For God so loved the world, that he gave his only begotten Son, that whosoever believeth in him should not perish, but have everlasting life.
John 3:16 (KJV)
World – When I explain to people that the Hebrew word for a “human soul” is the same word for an “animal soul,” they smile and comment that Jesus didn’t come and die to save animal souls. He came only for the souls of humans. And in light of this verse from the Gospel of John, I can see how they make that determination.
If God loved the world so much that He gave His only begotten Son, then we’ll extrapolate the word “world” to mean “humanity.” God loves us humans, end of story. We know that Jesus died for us… nothing else. Or are we missing something here?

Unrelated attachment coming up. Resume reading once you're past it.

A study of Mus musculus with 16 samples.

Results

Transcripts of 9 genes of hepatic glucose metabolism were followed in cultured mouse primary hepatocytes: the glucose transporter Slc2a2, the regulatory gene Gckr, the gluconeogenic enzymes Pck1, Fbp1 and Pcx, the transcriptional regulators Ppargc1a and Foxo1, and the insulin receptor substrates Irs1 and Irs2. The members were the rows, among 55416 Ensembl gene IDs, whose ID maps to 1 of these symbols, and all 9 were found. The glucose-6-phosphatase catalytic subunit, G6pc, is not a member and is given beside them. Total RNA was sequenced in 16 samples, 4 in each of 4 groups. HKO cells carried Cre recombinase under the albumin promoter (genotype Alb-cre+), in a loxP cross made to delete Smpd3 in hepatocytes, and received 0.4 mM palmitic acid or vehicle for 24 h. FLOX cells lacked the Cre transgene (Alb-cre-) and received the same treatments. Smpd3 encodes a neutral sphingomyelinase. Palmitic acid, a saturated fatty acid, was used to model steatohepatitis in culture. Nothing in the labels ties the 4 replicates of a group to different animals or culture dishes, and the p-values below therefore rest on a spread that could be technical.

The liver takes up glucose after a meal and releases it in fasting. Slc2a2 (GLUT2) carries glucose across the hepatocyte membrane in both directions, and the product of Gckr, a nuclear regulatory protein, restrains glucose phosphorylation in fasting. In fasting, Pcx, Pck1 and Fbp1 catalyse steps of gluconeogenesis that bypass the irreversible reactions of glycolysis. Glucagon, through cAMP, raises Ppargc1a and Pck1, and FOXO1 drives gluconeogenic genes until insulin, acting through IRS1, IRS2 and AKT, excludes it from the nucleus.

The word “world” in Greek is cosmos. Yep, that’s right. It’s the same word we use in English, and it means how you’d expect it to mean as well. Cosmos is the entire universe. Cosmos is ALL OF CREATION.
Let’s replace that word in the verse.
For God so loved the cosmos, that he gave his only begotten Son, that whosoever believeth in him should not perish, but have everlasting life.
That requires a mental shift, right? We need to rethink this thing about Jesus, don’t we? God loved the cosmos, the entire universe, so much that He sent His Son to do something that would affect it all. And it was all done in love. A restoration of the universe is happening and is going to be fulfilled sometime soon. This is why a new heaven and new earth are created. It’s not just about you or me… it’s about every star, every planet, and every possible life form that exists on earth or somewhere else.
I love the saying, “When God starts working with a man, it’s best to get out of the way.” Now take that saying and expand it to the whole universe. The Messiah is shaking it up, expect some fallout.